At her conference, my wife was in the buffet line for lunch yesterday. Behind the buffet line were servers who all appeared to be Latino. One of the conference attendees next to her — a Caucasian guy — was telling another that he had seen a bumper sticker that said "Secure Our Borders." He continued that he thought he would have a bestselling bumper sticker if the same slogan were written in both English and Spanish.
We don't know if the man was oblivious, indifferent, or being deliberately provocative. (My wife thought he was clueless; the staff was, perhaps, "invisible" too him.) Now it's possible the workers were all citizens and/or legal immigrants and completely agreed with the sentiment of the bumper sticker in question. (Statistically, though, I suppose that the opinion part of that hypothetical is very unlikely). Nevertheless, the comment — the guy's opinion notwithstanding — seemed insensitive, to say the least.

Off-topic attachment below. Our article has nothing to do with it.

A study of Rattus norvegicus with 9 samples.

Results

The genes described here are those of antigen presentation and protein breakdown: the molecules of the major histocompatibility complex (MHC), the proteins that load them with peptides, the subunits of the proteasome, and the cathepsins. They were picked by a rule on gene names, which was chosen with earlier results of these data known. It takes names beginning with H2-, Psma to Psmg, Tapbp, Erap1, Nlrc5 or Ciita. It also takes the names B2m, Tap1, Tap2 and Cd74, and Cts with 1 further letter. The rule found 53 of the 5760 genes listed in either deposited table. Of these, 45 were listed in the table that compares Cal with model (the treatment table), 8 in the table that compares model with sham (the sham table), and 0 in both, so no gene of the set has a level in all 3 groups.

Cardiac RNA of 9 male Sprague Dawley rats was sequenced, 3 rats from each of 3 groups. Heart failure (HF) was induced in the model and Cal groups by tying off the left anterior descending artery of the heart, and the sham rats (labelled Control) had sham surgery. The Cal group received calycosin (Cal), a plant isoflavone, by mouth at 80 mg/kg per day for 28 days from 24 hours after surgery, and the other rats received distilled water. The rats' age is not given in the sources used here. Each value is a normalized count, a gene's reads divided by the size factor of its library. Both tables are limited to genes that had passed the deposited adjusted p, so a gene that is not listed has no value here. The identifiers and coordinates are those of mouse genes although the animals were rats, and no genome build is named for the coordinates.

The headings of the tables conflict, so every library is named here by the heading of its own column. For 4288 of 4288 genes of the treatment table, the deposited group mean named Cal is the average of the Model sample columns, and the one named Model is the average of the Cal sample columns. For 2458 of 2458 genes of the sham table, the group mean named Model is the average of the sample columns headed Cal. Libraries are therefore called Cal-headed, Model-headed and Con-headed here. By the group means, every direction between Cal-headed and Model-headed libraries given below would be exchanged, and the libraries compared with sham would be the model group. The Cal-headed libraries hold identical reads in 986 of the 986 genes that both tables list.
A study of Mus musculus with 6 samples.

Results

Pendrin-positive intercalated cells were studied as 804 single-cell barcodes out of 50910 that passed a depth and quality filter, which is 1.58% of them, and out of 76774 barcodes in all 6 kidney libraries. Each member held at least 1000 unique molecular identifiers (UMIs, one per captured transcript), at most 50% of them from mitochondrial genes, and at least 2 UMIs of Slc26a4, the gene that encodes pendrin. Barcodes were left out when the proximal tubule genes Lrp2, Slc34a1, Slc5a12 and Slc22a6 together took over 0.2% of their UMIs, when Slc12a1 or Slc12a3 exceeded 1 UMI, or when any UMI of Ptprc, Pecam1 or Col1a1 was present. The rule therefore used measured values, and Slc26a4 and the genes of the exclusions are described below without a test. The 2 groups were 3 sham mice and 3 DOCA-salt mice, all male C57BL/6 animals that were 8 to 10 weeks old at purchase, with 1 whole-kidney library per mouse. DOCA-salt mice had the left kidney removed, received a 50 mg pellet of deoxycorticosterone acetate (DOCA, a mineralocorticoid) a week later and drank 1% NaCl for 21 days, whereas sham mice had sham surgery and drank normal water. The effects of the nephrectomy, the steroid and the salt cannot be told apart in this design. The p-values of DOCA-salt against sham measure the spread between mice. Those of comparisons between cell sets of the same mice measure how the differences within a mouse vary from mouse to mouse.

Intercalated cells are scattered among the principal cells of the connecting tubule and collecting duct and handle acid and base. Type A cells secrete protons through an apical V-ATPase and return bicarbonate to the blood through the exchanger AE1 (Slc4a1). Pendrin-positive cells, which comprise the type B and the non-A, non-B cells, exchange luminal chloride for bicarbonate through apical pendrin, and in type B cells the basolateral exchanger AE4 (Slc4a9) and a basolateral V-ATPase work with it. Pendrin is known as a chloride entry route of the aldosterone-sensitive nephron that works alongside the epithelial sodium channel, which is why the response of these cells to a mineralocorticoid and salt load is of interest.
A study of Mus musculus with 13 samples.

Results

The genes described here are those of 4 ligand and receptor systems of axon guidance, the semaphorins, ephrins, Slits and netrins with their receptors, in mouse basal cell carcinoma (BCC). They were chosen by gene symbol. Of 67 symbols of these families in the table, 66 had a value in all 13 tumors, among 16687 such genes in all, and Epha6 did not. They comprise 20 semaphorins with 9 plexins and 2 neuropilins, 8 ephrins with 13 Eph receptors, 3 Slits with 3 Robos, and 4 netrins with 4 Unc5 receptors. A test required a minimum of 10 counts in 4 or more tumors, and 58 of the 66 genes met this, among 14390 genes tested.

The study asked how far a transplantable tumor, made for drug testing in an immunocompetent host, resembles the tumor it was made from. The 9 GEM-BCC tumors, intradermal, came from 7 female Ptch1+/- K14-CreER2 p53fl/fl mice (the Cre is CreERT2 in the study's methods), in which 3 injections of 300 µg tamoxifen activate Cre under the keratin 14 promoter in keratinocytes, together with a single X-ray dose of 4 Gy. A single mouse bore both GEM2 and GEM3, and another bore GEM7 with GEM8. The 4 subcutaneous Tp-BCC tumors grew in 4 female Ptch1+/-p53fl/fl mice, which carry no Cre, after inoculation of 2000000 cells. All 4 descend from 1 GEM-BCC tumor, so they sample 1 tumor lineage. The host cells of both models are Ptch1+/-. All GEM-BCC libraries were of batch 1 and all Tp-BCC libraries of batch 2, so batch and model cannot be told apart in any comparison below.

Without getting into my (complex) opinions about immigration or multicultural issues, the situation makes me wonder. Would this man have been as outspoken about, for example, the war if surrounded by a bunch of soldiers or peace activists, or about abortion if surrounded by a group of conservative Christians or pro-choice feminists?
At breakfast, we again learned the value of not acting as if the "staff" is invisible just because their culture or income-level or language or education level might be different than yours.
I hope to tell that story in the next post.